Georgism is named for Henry George who was a newspaper editor in San Francisco in the 1870s and wondered how can California be so rich and yet have so many poor people? Why is wealth being concentrated in so few? George came to realize that land owners had a monopoly: they owned land and the poor stayed poor because they had to rent from the land owners. And since there is a limited supply of land, the price of land rises and the land owners get rich. George published his ideas in a top selling book “Progress and Poverty”, ran for President and died in New York in 1897.

Georgism is also called Geoism as it’s about who owns the resources of the planet and who gets the rent from use of those resources. The rent can be huge; as much as half of GDP.  Most of this rent is privatized, leading to massive economic inequality that has often ended violently.  

Long ago, we all owned the resources of the planet in common. Then people began to enclose, actually steal, bits of land from the commons. Most land is now privatized and the enclosures continue as corporations make land grabs in Africa and South America.

We can understand Georgism by comparing it with Capitalism and Communism. In Capitalism, relatively few people own most of the resources and get the rent, leading to unprecedented wealth and economic inequality. We have multibillionaires taking joy rides in space and hungry people sleeping in tents on sidewalks, some of the last remaining bits of the commons. Communism said to nationalize resources and use the rent for public benefit. The Communists had to kill a lot of people to nationalize resources and Communism ultimately failed because it reduced individual incentives and entrepreneurship and ability to compete with Capitalism.

Georgism is a compromise between Capitalism and Communism. Henry George said it is not necessary to nationalize resources; let the Capitalists keep their resources and tax them the use of those resources. This is called a Land Value Tax but it’s a tax on the use of all natural resources with limited supply, including such things as electromagnetic spectrum and geostationary orbits. LVT includes use of the atmosphere as a carbon dump so the carbon tax is a form of LVT. Some Georgists would now extend LVT to tax monopolies that control other things necessary for life, such as vaccine patents.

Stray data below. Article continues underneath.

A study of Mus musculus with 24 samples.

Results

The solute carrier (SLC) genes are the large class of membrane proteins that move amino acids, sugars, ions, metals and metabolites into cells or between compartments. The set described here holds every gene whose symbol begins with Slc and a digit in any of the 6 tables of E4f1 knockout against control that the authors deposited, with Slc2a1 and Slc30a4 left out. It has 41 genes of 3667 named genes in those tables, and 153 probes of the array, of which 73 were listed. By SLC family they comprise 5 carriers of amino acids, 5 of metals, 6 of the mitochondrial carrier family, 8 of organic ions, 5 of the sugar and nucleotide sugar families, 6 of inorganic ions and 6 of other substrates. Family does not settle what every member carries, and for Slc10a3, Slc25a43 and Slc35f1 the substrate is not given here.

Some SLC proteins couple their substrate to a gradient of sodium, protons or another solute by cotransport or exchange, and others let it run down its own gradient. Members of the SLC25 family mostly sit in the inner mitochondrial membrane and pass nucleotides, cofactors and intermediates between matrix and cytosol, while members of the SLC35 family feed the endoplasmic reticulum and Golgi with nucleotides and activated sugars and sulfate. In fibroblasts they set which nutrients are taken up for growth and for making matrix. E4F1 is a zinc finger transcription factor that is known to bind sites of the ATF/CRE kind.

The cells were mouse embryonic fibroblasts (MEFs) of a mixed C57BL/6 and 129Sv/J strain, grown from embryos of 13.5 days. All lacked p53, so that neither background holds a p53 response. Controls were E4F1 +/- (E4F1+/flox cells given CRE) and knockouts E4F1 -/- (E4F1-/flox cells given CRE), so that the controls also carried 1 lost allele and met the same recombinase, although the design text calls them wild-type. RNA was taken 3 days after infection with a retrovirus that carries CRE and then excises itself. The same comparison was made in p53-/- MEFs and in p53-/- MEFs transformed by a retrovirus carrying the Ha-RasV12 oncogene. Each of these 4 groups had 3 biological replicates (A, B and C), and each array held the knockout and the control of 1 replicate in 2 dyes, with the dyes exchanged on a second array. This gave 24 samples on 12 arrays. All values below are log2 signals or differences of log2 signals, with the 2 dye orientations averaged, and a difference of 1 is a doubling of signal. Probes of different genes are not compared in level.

LVT reduces the price of land and thus house prices and homelessness. It reduces land speculation which is a major cause of urban sprawl and boom/bust economic cycles. LVT can promote improvement of properties as it is a tax on land only and not on buildings. A normal property tax is a disincentive to improving property as it taxes both land and buildings and may rise if a building is improved.

LVT is not really a tax; it’s the rent due to each of us for use by others of our commonly owned planet. Many LVT proposals include a citizen’s dividend to distribute the rent equally to all. The LVT revenue can reduce or replace less efficient taxes such as on incomes and sales. Since the supply of land is constant, land is “inelastic” and taxing it does not distort the economy as do taxes on incomes and sales. And since land values change more slowly than incomes or sales, LVT tax revenue is stable and predictable. Many economists consider LVT the best possible tax, or at least, the least-bad tax.